When starting an e-commerce site, there are many important factors to consider such as name, marketing, products, money management, delivery and more. One of the more important, and most overlooked, aspects is the legal side.

Many e-commerce sites do not own the products they are shipping and instead are acting as the middle man for any transactions. It’s important to take all legal considerations into account.

If you’re thinking about opening up an e-commerce store, here are six potential ramifications for not doing your legal homework ahead of time.

Being Penalised for Taxes

If you’re in the United States, you know that each state has a different level of income taxes. Branching out internationally, you shouldn’t be too surprised to learn that each country has its own standards and laws when it comes to taxes.

Just look at this graph from the OECD in tracking multiple countries VAT (value after tax).

So depending on where your intended market is could alter how you display taxes, how you add taxes, and how you report taxes at the end of the year. Not following the guidelines could result in a loss of consumers, tax penalties, or both.

That’s why you need to make sure you know as much as you can about your target country’s tax codes and laws. The best way is to hire a tax professional so you know you’re not missing anything.

Shipping Something You Shouldn’t

Shipping is a huge part of the e-commerce market. Not only do consumers decide how fast they want their product at their front door, but it’s also an area where many consumers look for discounts and deals.

For any international travellers, you’ll recall those customs cards you have to fill out letting custom agents know if you’ve brought in certain goods. While bringing a toy souvenir for your baby nephew is fine, bringing 10 pounds of Spanish ham is not. Those same restrictions apply to international shipping. There are some restrictions and limitations on some obvious items like alcohol, poison, animals, and explosives. There are also some restrictions and limitations on not-so-obvious items like nail polish, perfumes, and airbags.

A great tool to use is the Federal Trade Commission’s guide that gives you all the “do’s and don’ts”. This way you won’t get penalised for shipping an item on a banned list.

Not Protecting Your Brand

You, and the rest of the planet, might remember that every child in every country was suddenly obsessed with fidget spinners. The background to fidget spinners is a bit of a sad story. The woman who invented them wasn’t able to patent or distribute her product and they were replicated rapidly.

While it depends on what product you intend to sell, you might need to secure a trademark, patent, or copyright. You need to make sure your products are protected in case there are some lurking eyes out there.

On the flip side, it’s important to be aware of other rights issues. Unfortunately, you can’t just sell whatever you want. That means if you’re deciding to sell Stranger Things backpacks without going through the appropriate channels, you could land yourself in hot water.

Going it Without Insurance

There’s insurance for just about everything. While some –like volcano explosion insurance for Kansas citizens– may be useless, business insurance is an essential one for any business owner.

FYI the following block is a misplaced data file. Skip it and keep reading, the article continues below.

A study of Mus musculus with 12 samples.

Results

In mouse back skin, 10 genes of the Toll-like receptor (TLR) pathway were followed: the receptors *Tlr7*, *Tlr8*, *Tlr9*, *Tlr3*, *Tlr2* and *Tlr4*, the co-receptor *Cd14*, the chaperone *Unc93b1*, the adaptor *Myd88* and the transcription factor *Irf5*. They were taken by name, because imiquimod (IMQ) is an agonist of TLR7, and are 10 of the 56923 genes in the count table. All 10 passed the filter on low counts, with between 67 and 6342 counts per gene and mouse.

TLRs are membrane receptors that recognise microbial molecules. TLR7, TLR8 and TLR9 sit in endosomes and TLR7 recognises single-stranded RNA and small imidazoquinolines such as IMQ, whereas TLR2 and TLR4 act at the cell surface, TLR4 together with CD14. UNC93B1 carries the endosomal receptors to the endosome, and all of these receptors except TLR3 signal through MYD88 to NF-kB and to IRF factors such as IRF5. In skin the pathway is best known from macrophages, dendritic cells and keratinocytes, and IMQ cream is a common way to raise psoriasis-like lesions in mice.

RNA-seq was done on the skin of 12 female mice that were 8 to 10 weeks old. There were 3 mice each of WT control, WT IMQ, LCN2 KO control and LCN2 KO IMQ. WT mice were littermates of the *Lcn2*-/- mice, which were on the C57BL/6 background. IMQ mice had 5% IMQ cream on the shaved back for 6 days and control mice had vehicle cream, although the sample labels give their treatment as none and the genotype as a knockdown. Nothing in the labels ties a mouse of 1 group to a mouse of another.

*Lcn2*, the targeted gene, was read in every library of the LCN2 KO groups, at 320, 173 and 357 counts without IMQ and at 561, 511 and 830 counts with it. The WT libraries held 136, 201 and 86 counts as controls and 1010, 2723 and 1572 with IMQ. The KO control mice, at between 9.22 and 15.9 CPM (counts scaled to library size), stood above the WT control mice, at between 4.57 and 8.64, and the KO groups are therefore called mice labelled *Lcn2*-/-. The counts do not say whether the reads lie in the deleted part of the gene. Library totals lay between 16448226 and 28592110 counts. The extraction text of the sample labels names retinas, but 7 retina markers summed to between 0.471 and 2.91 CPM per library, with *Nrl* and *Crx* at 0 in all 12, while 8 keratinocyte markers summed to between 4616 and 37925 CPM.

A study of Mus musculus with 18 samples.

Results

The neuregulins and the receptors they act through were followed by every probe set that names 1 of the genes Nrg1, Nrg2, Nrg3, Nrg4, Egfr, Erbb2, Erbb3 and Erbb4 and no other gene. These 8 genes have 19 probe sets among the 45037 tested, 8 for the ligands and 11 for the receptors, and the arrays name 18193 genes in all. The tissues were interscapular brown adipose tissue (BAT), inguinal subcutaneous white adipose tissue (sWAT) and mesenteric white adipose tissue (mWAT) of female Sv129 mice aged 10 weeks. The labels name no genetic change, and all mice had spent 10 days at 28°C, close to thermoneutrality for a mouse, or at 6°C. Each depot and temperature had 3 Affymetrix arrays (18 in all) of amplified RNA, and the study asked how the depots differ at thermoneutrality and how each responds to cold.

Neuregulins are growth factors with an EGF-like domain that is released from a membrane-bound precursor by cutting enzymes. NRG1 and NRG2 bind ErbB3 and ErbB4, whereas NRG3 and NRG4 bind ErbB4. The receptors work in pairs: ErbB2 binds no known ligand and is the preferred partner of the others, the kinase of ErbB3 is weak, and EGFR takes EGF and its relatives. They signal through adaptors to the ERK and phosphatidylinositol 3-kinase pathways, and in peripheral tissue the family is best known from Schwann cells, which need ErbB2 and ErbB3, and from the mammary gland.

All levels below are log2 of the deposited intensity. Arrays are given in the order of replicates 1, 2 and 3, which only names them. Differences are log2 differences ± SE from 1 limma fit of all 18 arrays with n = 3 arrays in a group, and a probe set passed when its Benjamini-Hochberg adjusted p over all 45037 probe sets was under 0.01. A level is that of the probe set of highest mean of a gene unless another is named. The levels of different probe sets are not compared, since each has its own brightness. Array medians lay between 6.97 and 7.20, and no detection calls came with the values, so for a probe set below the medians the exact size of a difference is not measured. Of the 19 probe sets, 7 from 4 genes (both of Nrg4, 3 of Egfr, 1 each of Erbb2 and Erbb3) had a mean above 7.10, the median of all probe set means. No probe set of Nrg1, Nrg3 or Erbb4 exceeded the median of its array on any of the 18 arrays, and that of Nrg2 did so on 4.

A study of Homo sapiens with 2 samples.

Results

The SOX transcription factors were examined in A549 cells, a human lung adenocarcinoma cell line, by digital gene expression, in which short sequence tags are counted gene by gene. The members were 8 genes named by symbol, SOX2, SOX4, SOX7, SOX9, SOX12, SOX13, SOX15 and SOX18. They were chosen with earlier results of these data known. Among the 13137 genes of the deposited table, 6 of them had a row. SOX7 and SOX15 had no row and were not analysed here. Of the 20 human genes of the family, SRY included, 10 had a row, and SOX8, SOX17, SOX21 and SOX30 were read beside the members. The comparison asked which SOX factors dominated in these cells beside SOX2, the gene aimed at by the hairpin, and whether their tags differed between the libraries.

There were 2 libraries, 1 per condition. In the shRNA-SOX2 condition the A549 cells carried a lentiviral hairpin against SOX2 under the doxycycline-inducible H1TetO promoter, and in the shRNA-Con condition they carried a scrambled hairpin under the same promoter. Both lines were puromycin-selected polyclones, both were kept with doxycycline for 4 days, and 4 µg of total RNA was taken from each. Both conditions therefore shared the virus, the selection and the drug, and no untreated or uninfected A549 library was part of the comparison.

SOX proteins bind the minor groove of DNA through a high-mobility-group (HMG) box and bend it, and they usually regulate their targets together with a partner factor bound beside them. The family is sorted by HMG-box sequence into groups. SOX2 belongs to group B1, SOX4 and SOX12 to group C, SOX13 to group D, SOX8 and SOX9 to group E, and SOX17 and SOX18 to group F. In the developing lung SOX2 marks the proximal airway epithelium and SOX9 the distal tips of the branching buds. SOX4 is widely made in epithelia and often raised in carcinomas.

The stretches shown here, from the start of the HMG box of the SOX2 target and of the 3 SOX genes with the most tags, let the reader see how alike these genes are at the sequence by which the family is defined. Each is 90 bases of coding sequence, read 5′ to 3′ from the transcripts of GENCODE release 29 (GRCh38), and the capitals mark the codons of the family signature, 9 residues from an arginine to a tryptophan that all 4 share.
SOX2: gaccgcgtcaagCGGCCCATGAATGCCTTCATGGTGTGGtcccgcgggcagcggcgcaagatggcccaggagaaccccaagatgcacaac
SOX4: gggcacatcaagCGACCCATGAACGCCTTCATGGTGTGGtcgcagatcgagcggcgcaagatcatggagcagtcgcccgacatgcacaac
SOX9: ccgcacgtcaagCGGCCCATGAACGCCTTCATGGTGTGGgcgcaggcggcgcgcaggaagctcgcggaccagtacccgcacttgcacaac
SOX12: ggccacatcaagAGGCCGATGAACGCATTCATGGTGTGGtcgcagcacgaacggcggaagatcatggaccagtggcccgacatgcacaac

Business insurance has a wide range of coverage in specific areas. These include general liability, product liability, professional liability, commercial liability, as well as home-based insurance if needed.

When it comes to e-commerce, you’re going to want to comb over the product liability fine print. And see what it says about the retail, wholesaler, distributor and any parts in between. E-commerce is a business where unforeseen issues will arise, so don’t get caught with your feet in the mud.

Not Protecting Privacy and Data

Even though it may seem like we’re being watched all the time and nothing is secret anymore, consumers still want to know their data is protected. Everything from credit card information to their home address, consumers are trusting e-commerce businesses with this information.

Think about all the negative press and attention big name companies like Target and Equifax received and how much data breaches damaged their reputations. Equifax got hammered with a giant lawsuit and Target settled last year.

If you’re a small business, a data breach could not only bring legal ramifications to your business, but it could shut you down for good.

Payment Issues

When purchasing anything online, from pizza to 100 kayaks, all transactions must go through what’s called a payment gateway. There are plenty available and vary depending on the country or region.

It’s worth noting that not all systems are created equal. Meaning that you should look up any restrictions they have on certain products and what kind of features they offer. Choosing one randomly could cause issues for you, the consumer, and the gateway itself. If you choose one with limited anti-fraud features and then a consumer’s payment information is stolen, how do you resolve the issue? You may be up a river without a paddle at that point.

Sarah Saker is a freelance writer and small business coach living in Hattiesburg, Mississippi. She loves small businesses and helping them setup processes for customer support and growth, and working on creative marketing messaging. She has always loved to write. Now combines her passion for entrepreneurship with her love of writing to teach others how to be successful! 

This article does not constitute legal advice

The opinions expressed in the column above represent the author’s own.